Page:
The Creator (2023)
Where’s it on? Cinemas nationwide, including BFI IMAX
This latest sci-fi epic from Godzilla (2014) and Rogue One (2016) director Gareth Edwards channels both 1980s James Cameron and classic Vietnam war movies as it imagines a global war between humans and artificial intelligence in the 2050s. With the Far East in league with AI, John David Washington plays the American soldier persuaded to travel into New Asia, where his presumed-dead girlfriend is hiding out with rebels plotting the destruction of the US’s satellite defence system NOMAD. As in his Mexico-set low-budget debut Monsters (2010), Edwards grounds his futuristic world-building in a tangibly real tropical setting. It gives the action a weight you can’t get from blue screens.
Fair Play (2023)
Where’s it on? Cinemas nationwide
Fans of Michael Douglas era erotic thrillers will want to turn out for this smart, spiky new take on the form, which crisply updates the sexual politics without ever virtue signalling its efforts. Chloe Domont’s feature debut is set at a ruthless NYC hedge fund firm, where the intensely passionate secret relationship going on between employees Emily (Phoebe Dynevor) and Luke (Alden Ehrenreich) starts to curdle after one of them receives an unexpected promotion. Less a thriller than an erotic study of two competitive alpha egos locking horns, Fair Play also offers a lethal turn from Eddie Marsan as the firm’s head honcho.
The Swan (2023)
Where’s it on? Netflix
The Swan is one of four new Wes Anderson short films arriving on Netflix this week, each a miniature adaptation of one of Roald Dahl’s short stories. Featuring Ralph Fiennes as Dahl himself, it’s a chilling story about childhood bullying which Dahl derived from a real-life incident. Rupert Friend plays the on-screen narrator who, in brisk, clipped tones, relates the plight of a young boy who is spitefully picked on by two bigger lads. Anderson films this with his trademark formalism: all rectilinear compositions and artificial, storybook images. It might have smothered the disturbing tale but instead gives it a heartbreaking, contained horror. The other films are The Wonderful Story of Henry Sugar, The Rat Catcher and Poison.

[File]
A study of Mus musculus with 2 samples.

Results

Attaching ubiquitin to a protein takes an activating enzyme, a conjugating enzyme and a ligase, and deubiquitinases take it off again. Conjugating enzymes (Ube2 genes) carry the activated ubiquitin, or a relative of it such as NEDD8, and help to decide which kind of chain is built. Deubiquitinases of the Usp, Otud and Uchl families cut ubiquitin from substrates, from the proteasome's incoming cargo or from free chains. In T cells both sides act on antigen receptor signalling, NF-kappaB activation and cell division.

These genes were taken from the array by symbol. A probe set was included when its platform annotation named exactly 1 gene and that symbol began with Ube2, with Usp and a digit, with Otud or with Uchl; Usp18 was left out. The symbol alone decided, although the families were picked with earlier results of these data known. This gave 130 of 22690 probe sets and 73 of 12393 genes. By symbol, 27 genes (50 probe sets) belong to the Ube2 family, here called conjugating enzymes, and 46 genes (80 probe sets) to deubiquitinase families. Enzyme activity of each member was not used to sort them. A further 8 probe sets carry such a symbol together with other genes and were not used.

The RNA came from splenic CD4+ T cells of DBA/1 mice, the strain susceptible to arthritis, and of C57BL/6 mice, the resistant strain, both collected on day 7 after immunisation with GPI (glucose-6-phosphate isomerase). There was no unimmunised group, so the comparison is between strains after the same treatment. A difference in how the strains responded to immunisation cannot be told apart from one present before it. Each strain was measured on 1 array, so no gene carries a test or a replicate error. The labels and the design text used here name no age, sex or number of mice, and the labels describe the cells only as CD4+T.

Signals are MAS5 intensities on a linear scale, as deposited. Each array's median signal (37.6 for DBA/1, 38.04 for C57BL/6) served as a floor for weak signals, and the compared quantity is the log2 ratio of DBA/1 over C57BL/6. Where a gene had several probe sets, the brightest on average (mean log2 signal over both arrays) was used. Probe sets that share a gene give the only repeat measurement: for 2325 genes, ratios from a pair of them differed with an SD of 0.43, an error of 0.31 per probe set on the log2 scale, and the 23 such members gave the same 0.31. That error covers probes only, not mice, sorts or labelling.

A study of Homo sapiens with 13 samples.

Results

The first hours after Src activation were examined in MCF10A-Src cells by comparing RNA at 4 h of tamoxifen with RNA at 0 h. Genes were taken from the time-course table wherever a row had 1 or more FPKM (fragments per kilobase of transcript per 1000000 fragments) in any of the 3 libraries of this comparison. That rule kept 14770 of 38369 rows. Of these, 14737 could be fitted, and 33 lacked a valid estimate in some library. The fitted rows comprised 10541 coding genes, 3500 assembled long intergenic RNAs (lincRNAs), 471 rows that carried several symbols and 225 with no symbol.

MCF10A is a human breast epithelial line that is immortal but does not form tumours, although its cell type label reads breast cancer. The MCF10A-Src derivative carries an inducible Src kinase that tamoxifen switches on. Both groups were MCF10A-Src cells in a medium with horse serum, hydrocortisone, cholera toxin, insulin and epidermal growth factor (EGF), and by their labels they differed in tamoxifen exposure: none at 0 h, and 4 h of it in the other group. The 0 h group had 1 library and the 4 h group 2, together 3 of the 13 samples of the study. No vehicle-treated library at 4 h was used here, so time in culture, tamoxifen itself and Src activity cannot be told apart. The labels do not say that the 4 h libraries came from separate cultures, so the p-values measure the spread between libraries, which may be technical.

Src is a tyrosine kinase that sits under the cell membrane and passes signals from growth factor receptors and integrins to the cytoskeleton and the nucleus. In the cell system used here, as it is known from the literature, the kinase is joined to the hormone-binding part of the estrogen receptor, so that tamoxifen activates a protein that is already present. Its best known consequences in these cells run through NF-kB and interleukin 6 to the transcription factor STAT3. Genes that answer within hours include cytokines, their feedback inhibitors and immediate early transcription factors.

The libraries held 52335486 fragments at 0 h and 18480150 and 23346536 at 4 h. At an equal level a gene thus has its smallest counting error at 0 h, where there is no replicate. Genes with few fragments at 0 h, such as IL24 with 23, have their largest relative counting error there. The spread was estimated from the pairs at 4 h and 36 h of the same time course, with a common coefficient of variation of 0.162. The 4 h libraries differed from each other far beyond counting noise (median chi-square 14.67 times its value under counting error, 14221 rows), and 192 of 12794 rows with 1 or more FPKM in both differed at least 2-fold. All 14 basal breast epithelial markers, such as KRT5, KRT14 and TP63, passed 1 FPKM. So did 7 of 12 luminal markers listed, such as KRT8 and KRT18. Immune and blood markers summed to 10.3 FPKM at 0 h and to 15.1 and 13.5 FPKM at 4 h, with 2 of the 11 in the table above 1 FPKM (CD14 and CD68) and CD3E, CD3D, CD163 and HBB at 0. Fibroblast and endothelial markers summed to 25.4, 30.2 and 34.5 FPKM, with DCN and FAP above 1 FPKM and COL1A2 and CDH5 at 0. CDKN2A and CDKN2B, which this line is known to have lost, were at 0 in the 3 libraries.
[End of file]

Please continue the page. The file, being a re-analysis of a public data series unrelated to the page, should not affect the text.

Where’s it on? Blu-ray
Given the chance to direct his first feature by mentor Roger Corman, Peter Bogdanovich managed an impressive balancing act of paying homage to the cinema history he loved, while also making a darkly contemporary story rooted in the brutal new realities of the late 1960s. Inspired by the University of Texas tower shootings of 1966, and released in the aftermath of the assassinations of Martin Luther King and Robert Kennedy, it features Boris Karloff as a washed-up horror movie star whose fate converges with a disturbed Vietnam vet embarking on a killing spree.
Touch of Evil (1958)
Where’s it on? 4K UHD and Blu-ray
Making the jump to 4K UHD this week, Orson Welles’s 1958 Hollywood comeback film Touch of Evil drew down the curtain on the original film noir cycle with a tale of sleaze and corruption on the Mexico-California border. Welles himself plays the corpulent bent cop Hank Quinlan riding roughshod over the rules, while Charlton Heston is the Mexican prosecutor sticking his nose in and getting it burned. From the famously lengthy opening shot, in which a bomb is planted in a car and we’re forced to await its detonation, it’s a film where you feel the hum of the night and the hustle of a world thick with dishonesty. This Eureka set offers Welles’s pulp masterpiece in three different versions.